Inducted in 1998
World Cup biathlon - first Canadian to win this event
Albertville Olympic Games - Bronze medal in 15km, first ever Canadian Olympic biathlon medalist
World Biathlon Championships in Borovets, Bulgaria - Gold medal in 7.5km and Silver medal in 15km
Lillehammer Olympics Games - 2 Gold medals in 15km and 7.5 km
Inducted into Canadian Olympic Hall of Fame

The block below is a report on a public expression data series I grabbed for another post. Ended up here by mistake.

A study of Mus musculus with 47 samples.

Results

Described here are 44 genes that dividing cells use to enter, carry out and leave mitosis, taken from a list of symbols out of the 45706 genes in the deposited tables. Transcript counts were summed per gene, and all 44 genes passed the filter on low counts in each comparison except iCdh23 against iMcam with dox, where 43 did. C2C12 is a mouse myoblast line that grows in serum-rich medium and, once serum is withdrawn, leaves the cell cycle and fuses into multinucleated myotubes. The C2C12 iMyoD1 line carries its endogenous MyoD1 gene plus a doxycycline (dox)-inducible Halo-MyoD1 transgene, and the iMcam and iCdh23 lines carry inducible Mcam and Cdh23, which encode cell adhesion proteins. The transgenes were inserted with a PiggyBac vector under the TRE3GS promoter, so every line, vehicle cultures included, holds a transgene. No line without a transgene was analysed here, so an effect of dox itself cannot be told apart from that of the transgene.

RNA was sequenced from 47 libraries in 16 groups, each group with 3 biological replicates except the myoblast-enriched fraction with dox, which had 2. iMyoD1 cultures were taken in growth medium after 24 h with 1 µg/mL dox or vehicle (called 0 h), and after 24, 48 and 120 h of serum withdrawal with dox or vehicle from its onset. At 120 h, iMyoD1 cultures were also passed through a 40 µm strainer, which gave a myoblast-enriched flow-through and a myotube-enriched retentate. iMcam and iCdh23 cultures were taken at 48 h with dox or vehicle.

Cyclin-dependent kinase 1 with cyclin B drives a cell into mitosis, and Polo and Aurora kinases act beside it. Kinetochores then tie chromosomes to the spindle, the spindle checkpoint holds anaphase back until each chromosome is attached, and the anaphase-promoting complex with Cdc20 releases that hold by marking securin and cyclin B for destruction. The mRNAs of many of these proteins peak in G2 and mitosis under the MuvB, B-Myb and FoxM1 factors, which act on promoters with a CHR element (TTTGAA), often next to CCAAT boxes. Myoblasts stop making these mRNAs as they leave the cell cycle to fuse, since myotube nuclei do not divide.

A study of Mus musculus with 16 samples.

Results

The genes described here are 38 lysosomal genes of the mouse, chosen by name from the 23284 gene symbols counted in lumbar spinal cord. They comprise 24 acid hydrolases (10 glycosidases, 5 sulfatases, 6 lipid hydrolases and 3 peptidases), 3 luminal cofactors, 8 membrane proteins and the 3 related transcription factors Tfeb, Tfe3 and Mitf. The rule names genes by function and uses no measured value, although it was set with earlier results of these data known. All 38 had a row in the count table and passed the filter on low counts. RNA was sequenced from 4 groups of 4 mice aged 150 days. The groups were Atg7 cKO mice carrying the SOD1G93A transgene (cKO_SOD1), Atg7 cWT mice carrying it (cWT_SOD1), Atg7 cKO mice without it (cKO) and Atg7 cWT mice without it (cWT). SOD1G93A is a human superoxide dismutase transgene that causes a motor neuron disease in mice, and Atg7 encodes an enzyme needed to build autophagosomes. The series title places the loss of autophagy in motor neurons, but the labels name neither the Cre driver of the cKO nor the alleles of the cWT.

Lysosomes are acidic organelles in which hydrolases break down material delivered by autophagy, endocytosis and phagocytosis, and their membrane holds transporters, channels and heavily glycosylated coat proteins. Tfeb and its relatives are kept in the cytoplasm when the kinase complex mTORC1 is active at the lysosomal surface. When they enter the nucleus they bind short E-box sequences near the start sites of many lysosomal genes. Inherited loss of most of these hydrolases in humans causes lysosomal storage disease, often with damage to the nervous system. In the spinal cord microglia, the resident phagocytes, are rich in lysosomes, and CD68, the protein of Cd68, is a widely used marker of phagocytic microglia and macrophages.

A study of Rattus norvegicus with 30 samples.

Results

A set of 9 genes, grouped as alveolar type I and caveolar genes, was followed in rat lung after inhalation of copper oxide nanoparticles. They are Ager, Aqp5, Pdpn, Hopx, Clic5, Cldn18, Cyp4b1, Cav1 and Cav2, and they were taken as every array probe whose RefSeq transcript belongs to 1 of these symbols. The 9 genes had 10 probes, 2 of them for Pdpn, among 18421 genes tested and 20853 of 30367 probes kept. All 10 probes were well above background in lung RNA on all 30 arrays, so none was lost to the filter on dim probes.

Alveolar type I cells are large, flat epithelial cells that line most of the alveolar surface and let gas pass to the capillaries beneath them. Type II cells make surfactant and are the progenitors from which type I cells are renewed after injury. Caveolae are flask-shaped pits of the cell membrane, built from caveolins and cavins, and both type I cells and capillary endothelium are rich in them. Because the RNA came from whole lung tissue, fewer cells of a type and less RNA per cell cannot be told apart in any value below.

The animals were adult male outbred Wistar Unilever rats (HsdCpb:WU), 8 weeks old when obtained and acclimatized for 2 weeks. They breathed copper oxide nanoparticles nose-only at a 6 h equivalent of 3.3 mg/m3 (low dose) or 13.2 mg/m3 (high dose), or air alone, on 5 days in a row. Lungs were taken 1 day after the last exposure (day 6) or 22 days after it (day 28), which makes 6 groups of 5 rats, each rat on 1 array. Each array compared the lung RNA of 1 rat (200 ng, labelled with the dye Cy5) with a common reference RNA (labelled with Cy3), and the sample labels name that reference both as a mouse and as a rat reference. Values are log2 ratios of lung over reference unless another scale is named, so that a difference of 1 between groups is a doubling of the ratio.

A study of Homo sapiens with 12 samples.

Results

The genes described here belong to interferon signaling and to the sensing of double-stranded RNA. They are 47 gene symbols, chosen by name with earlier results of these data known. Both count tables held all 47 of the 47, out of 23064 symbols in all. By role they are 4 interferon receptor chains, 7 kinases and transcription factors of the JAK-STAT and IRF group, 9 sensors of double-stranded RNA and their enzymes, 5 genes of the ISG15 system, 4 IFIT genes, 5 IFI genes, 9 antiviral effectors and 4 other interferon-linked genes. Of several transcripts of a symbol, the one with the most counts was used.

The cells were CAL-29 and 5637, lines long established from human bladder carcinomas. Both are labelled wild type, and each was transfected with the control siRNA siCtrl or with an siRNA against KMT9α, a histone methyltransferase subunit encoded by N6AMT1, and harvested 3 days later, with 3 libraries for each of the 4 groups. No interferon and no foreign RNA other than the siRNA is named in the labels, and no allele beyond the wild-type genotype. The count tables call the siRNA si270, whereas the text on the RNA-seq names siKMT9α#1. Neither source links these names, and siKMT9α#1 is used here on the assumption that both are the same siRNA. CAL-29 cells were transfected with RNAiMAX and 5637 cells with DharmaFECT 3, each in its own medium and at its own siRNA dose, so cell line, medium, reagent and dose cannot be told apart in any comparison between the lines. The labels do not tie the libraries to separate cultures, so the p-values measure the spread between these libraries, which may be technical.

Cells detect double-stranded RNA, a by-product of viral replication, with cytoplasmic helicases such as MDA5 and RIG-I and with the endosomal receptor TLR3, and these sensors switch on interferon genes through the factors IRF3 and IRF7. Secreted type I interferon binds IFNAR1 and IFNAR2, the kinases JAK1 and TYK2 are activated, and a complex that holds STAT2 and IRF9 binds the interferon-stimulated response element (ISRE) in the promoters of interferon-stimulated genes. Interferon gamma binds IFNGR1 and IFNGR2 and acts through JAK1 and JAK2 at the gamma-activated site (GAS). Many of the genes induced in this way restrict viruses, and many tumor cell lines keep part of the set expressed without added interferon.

As a 15-year-old cadet with the Canadian Armed Forces, Myriam Bedard acquired the shooting skills that would take her not into combat but to the Olympics. Bedard combined these skills with her adeptness on skis to become one of the best biathletes that North America has ever produced. A member of Canada's national biathlon team from 1987-1998, Bedard won two national junior and three national senior titles early in her career. At the 1991 Biathlon World Cup events, she claimed three gold, two silver, and one bronze medal, finishing second overall in the season. In a sport dominated by northern Europeans, this was the highest World Cup ranking ever achieved by a North American as well as the first World Cup gold medals captured by a Canadian biathlete. Bedard came onto the biathlon scene just in time to be included in the first women's Olympic biathlon event. She won a bronze medal in the 15km race at the 1992 Olympics in Albertville, France, becoming the first Canadian Olympic biathlon medalist. Bedard continued to rank in the top three at international events around Europe in 1993, including a gold medal win in the 7.5km event and a silver medal in the 15km race at the World Biathlon Championships in Borovets, Bulgaria. She again ranked second overall in World Cup Biathlon events. Bedard's best performance was at the 1994 Olympics in Lillehammer, Norway, where she won gold medals in both the 7.5km and the 15km events. For her superior accomplishments, Bedard was awarded the Lou Marsh Trophy, Canada's premier athletic award. She also received the Velma Springstead Trophy for best Canadian female athlete, was named Canadian Athlete of the Year, and was dubbed Sports Personality of the Year. Bedard was the first biathlete to become an honoured member of Canada's Sports Hall of Fame.